Kennedy v. Mendoza-Martinez
Decided on Feb. 18, 1963; 372 US 144


I. ISSUES II. CASE SUMMARY III. AMICI CURIAE IV. DECISION V. WIN OR LOSS?
I. ISSUES:

A. Issues Discussed: 5th Amendment, 6th Amendment, Governmental Authority, Civil Rights, Immigration and Naturalization, Loss of Citizenship

B. Legal Question Presented:

Did Section 401(j) of the Nationality Act of 1940, and Section 349(a)(10) of the Immigration and Nationality Act of 1952, divesting US citizens of their citizenship for remaining outside the United States during a time of war or national emergency in order to avoid the military draft, violate the procedural safeguards of the Fifth and Sixth Amendments?
II. CASE SUMMARY:

A. Background:

Francisco Mendoza-Martinez was an American citizen by birth, and a Mexican citizen by parentage, thereby possessing dual nationality. Martinez admitted that to avoid the WWII military draft, he left the United States for Mexico in 1942, and did not return until November 1946. As a result of his deliberate absence, Martinez entered a guilty plea in 1947 to violating Section 11 of the Selective Training and Service Act of 1940 (the "Act") and served 366 days in prison.

Five years after his release, Martinez was issued an arrest and deportation warrant premised on a violation of Section 401(j) of the Nationality Act of 1940 which divested draft dodgers of their U.S. citizenship. Following a dismissal of his appeal from the Attorney General's special inquiry decision stripping him of his U.S. citizenship, Martinez challenged the constitutionality of Section 401(j) in District Court but was defeated. On appeal from the Ninth Circuit's opinion upholding the district court decision, the Supreme Court granted certiorari, vacated the judgment, and remanded the cause to the District Court for reconsideration in light of its decision a week earlier in Trop v. Dulles. The Attorney General appealed the District Court's revised decision, and the U.S. Supreme Court reviewed the case again.
B. Counsel of Record:
ACLU Side
(Respondent/Appellee)
Opposing Side
(Petitioner/Appellant)
Thomas R. Davis argued the cause for appellee. With him on the brief was John W. Willis. Bruce J. Terris argued the cause for appellant. On the brief were Solicitor General Cox, Assistant Attorney General Miller, Oscar H. Davis, Beatrice Rosenberg and Jerome M. Feit.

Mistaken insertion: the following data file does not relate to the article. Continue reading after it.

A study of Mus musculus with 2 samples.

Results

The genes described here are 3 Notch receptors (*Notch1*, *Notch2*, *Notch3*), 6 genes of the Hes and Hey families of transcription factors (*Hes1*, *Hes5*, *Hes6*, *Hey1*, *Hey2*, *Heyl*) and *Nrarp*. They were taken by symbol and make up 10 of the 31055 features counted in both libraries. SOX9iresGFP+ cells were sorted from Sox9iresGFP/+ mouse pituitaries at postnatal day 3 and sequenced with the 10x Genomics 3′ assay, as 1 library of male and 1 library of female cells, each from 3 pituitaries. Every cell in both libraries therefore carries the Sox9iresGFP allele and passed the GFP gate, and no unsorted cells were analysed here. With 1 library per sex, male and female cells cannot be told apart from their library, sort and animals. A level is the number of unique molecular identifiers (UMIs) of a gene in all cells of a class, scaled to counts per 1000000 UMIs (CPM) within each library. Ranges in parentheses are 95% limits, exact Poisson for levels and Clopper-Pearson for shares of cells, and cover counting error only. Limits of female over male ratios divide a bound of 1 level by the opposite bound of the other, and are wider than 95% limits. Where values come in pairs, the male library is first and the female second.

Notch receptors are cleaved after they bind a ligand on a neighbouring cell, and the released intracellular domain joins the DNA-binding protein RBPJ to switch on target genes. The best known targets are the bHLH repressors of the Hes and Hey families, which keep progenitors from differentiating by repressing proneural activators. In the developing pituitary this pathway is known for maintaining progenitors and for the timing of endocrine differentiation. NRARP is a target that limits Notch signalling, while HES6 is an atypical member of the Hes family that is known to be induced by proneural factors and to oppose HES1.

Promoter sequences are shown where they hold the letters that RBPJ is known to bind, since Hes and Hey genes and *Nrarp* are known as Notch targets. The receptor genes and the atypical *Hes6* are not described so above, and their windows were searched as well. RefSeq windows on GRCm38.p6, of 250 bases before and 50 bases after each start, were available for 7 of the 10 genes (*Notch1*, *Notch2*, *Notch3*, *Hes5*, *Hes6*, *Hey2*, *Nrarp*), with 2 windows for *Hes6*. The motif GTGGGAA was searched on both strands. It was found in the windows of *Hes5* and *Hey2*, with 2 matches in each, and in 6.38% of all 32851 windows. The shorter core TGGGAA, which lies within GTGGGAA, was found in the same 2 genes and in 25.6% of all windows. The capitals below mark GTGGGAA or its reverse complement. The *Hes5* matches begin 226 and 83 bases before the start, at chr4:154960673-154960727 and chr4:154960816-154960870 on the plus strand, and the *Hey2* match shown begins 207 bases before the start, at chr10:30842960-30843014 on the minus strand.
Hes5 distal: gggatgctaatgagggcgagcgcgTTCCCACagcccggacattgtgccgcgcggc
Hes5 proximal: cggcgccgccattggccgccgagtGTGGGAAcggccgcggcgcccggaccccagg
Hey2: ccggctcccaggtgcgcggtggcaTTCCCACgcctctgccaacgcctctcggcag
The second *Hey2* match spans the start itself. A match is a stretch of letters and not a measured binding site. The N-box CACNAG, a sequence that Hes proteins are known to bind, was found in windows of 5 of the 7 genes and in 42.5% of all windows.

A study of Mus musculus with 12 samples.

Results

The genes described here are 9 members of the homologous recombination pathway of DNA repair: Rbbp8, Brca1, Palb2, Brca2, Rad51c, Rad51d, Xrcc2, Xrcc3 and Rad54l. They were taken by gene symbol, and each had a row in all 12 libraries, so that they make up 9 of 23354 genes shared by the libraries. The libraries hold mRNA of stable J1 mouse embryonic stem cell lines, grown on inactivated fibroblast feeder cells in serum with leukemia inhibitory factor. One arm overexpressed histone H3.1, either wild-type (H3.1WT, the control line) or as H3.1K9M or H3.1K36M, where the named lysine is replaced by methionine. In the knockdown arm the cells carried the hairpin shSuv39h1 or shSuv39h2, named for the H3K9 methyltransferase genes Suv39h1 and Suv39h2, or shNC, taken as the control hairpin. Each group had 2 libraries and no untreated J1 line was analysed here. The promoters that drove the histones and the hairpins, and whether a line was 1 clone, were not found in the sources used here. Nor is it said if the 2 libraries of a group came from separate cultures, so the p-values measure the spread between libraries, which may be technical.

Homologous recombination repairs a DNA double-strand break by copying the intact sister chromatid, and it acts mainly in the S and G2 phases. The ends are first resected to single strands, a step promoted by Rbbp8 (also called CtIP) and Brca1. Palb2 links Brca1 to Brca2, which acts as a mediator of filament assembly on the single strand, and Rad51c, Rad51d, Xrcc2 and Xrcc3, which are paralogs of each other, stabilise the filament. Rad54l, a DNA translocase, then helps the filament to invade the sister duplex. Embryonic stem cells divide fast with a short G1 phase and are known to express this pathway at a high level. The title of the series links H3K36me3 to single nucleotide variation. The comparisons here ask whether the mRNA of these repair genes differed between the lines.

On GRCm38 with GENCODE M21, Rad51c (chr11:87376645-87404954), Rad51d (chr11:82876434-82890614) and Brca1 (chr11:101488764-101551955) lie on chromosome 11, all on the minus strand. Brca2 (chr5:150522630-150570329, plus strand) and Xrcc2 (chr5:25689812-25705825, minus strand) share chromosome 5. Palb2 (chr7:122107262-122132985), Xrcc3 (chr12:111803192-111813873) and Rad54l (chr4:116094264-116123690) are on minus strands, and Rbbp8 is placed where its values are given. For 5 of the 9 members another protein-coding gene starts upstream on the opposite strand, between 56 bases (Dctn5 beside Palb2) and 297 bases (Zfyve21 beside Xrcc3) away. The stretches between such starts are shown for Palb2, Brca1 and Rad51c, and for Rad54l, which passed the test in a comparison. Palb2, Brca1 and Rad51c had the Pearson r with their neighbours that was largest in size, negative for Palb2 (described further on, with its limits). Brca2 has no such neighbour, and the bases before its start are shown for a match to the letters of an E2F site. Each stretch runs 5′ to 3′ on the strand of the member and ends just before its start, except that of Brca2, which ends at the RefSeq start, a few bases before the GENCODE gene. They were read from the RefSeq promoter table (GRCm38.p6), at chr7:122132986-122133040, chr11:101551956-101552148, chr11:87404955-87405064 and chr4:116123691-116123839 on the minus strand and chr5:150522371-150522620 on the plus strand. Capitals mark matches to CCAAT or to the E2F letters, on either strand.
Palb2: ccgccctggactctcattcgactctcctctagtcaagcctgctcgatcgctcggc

C. The Arguments:
ACLU Side
(Respondent/Appellee)
Opposing Side
(Petitioner/Appellant)
Unavailable Unavailable
III. AMICI CURIAE:
ACLU Side
(Respondent/Appellee)
Opposing Side
(Petitioner/Appellant)
Jack Wasserman, David Carliner, Rowland Watts, Stephen J. Pollak and Osmond K. Fraenkel filed briefs for the American Civil Liberties Union, as amicus curiae, urging affirmance. No amici curiae briefs were filed on behalf of Appellant.

IV. THE SUPREME COURT'S DECISION:

"It is argued that our holding today will have the unfortunate result of immunizing the draft evader who has left the United States from having to suffer any sanction against his conduct, since he must return to this country before he can be apprehended and tried for his crime. The compelling answer to this is that the Bill of Rights which we guard so jealously and the procedures it guarantees are not to be abrogated merely because a guilty man may escape prosecution or for any other expedient reason.

We conclude, for the reasons stated, that 401 (j) and 349 (a) (10) [of the Nationality Act of 1940] are punitive and as such cannot constitutionally stand, lacking as they do the procedural safeguards which the Constitution commands. We recognize that draft evasion, particularly in time of war, is a heinous offense, and should and can be properly punished. Dating back to Magna Carta, however, it has been an abiding principle governing the lives of civilized men that 'no freeman shall be taken or imprisoned or disseised or outlawed or exiled... without the judgment of his peers or by the law of the land...' What we hold is only that, in keeping with this cherished tradition, punishment cannot be imposed 'without due process of law.' Any lesser holding would ignore the constitutional mandate upon which our essential liberties depend. Therefore the judgments of the District Courts in these cases are Affirmed."

Held: The judgments are affirmed. This case was decided with Rusk v. Cort.
Justice Vote: 5 Pro vs. 4 Con

  • Goldberg, A. Pro (Wrote majority opinion)
  • Warren, E. Pro (Joined majority opinion)
  • Black, H. Pro (Co-authored concurring opinion)
  • Douglas, W. Pro (Co-authored concurring opinion)
  • Brennan, W. Pro (Wrote concurring opinion)
  • Stewart, P. Con (Wrote dissenting opinion)
  • White, B. Con (Joined minority opinion, joined Stewart's dissent)
  • Harlan, J. Con (Wrote dissenting opinion)
  • Clark, T. Con (Joined minority opinion, joined Harlan's dissent)
V. A WIN OR LOSS FOR THE ACLU?

The ACLU filed as amicus urging affirmance; the Supreme Court affirmed the ruling of the US District Court for the Southern District of California in a 5-4 vote, giving the ACLU an apparent win.